By Cassie Tuell Au.D., CCC-A

The most common developmental disorder identified at birth is hearing loss. The prevalence of hearing loss also increases in school-aged children due to late onset hearing loss, acquired hearing loss, and hearing loss that has not been previously identified. According to the American Speech-Language-Hearing Association (ASHA) in its 1997 Guidelines for Audiologic Screening article2, identification of hearing loss or hearing related issues is vital in order to minimize the impact hearing loss can have on language, educational, cognitive, and social development as well as socioeconomic impact.


There are three types of hearing loss: sensorineural, conductive and mixed. Sensorineural hearing loss is a permanent hearing loss due to damage in the inner ear or the auditory nerve. Conductive hearing loss occurs when there is a disruption in the transmission of sound from the ear canal to the inner ear. Mixed hearing loss is a combination of both sensorineural and conductive hearing losses.

Conductive hearing losses are often caused by ear infection or other middle ear pathologies and can cause significant temporary hearing loss. Young children are more prone to middle ear problems due to anatomical immaturity. Bacteria from the throat are more likely to work their way up into the middle ear space. Typically, conductive hearing losses are not permanent but can be resolved through medical intervention or spontaneously by simply watching and waiting.

In order to identify hearing loss that was not identified at birth, hearing screenings are recommended by the American Academy of Pediatrics (AAP) as an ongoing preventative measure from infancy through adolescence. Most hearing screening guidelines recommend pure tone air screening as the intial tool to identify hearing loss in school-aged children. Additionally, it’s recommended that tympanometry be performed with pure tone audiometry for preschool through first grade, or as an immediate rescreening method for all school-aged children who do not pass the pure tone audiological screen.

Tympanometry has been a successfully used method for assessing middle ear pathologies since the 1970s. Despite its success as screening tool, tympanometry is often underutilized or misused by school districts throughout the United States. The purpose of this article is to explain what tympanometry is and its value when used in conjunction with pure tone audiometry. Tympanometers test the status of the middle ear by applying positive and negative pressure in the ear canal. The pressure variation is used to verify eardrum movement and how the middle ear system sends sound to the inner ear. Tympanometry is not a test of hearing. It’s a test of mechanical function and can determine whether or not there is fluid in the middle ear space, the size of the ear canal and verify that PE (pressure equalization) Tubes are functioning properly.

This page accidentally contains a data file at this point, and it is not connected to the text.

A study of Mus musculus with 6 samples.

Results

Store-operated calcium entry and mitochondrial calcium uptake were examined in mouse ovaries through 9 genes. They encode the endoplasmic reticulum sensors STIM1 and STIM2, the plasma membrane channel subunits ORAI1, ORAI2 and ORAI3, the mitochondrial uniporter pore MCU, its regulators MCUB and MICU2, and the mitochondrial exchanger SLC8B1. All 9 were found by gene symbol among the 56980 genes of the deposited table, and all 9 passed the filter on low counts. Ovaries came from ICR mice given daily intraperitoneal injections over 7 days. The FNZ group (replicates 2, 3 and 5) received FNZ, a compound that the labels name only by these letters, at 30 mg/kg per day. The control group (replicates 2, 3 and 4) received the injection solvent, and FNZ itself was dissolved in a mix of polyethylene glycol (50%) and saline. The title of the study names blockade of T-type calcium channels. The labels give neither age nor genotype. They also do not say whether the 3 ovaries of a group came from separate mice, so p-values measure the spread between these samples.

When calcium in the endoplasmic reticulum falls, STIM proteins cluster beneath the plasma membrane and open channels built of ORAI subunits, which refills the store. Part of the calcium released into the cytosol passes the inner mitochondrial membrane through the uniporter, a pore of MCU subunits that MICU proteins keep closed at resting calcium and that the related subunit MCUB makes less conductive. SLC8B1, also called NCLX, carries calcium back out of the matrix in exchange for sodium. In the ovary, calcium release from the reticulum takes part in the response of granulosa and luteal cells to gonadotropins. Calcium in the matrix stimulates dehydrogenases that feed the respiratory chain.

The purpose of school hearing screenings is to identify the presence of sensorineural hearing loss, which has previously gone unidentified. Use of tympanometry in conjunction with pure tone screening will differentiate children who are likely refering due to middle ear pathology from those who have permanent hearing loss. When a child refers the pure tone audiometry screening, a tympanometry screening should immediately follow.

To perform tympanometry, a visual inspection of the ear should be performed using an otoscope. Following the otoscopic evaluation, the appropriate sized ear tip must be selected in order to achieve a seal in the child’s ear canal. The evaluation is an automated pressure sweep that takes about five seconds per ear. If the child does not pass the tympanometry screening, rescreening should be performed in 6-10 weeks, unless other medical concerns, such as pain or discomfort, accompany the abnormal tympanometry results.

Hearing screening in the school setting is important to detect hearing loss in early childhood and early adolescents. The gold standard of hearing screening is pure tone audiometry, but other tools such as tympnometry should be considered as equally important when monitoring children with middle ear effusion or other middle ear pathologies.

Tympanometry is a quick, painless evaluation, and is not sensitive to movement or background noise; furthermore, tympanometry gives a lot of great information on the middle ear status of each child in the screening program. The most effective screening protocols will strive to identify and differentiate between potential permanent and temporary hearing loss.

*The Sentiero by path medical is capable of doing all three sujested hearing test, pure tone audiometry, tympanometry & OAE hearing screening. See it here


1. White, K. 1997. The scientific basis for newborn hearing screening: Issues and evidence. Invited keynote address to the Early Hearing Detection and Intervention (EHDI) Workshop sponsored by the Centers for Disease Control and Prevention, Atlanta, GA.
2. American Speech‐Language‐Hearing Association 1997. Guidelines for screening infants and children for outer and middle ear disorders, birth through 18 years. In Guidelines for audiologic screening, 15‐22. Rockville, MD: Author.